In the United States, the Presidential Debates are a series of moderated events in which the candidates for President have an opportunity to debate each other on current political issues of interest and importance. Politically-aware Americans follow the Presidential Debates closely, with some political critics suggesting that elections can be won and lost on the basis of performance at the debates. They are typically televised and broadcast on the radio, and extensive coverage is often available in the mainstream media in the days following the Presidential Debates.
Various forms of the Presidential Debates have been held in the United States since 1858. Several groups have vied for control over the debates, since they are seen as politically and culturally important. As of 1988, the Presidential Debates have been overseen by the Commission on Presidential Debates, a bipartisan organization which arranges the venues, vets the questions, and picks moderators.
These debates usually take place in the two months directly preceding the Presidential Election, after the parties have nominated their candidates for the Presidency. Three debates are held for the Presidential candidates, with at least one additional debate featuring the Vice Presidential candidates. While the Presidential Debates are technically open to all Presidential candidates, usually only Democrats and Republicans are featured, since third party candidates are not viewed as viable in Presidential elections.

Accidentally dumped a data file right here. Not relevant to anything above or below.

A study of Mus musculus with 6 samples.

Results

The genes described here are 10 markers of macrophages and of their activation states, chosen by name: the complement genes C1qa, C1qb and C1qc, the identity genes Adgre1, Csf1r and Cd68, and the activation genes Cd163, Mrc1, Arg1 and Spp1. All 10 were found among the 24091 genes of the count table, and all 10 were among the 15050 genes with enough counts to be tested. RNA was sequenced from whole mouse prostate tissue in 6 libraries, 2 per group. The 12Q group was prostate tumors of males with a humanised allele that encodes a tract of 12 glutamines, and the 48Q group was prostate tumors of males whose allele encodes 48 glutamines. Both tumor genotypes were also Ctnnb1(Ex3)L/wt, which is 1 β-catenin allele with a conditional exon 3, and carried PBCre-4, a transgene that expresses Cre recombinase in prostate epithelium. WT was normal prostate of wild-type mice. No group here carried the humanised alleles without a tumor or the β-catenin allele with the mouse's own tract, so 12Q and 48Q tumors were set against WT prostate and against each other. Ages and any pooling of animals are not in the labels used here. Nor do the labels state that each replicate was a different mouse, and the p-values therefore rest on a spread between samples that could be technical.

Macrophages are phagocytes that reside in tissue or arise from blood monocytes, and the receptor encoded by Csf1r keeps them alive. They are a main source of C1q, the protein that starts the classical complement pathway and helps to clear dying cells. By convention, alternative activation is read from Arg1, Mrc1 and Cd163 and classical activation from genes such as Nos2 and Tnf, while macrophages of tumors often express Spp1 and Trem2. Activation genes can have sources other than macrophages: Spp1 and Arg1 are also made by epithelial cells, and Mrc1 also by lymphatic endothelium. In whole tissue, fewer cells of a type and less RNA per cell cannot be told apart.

The first televised Presidential Debate occurred in 1960, between Nixon and Kennedy, and it was one of the most-watched television events that year. Recordings of past Presidential Debates are archived at various locations, for people who are interested in seeing historical debates.
Typically, the debates are held in public venues, such as university amphitheaters, so that members of the public can attend. The candidates may be given the questions ahead of time to prepare, or they may not know what is on the agenda until they walk on stage. In typical debate format, the candidates are each given a few minutes to respond to the question, and then to rebut their opponents.
Performance at the Presidential Debates can provides clues to how well a candidate will do as President. The candidates must be able to think on their feet, use language well, and respond spontaneously and persuasively. Since candidates are usually closely managed by their campaign staff and speechwriters, the Presidential Debates can provide the first honest look at the candidates, which is why some voters are so interested in the debates and their outcomes.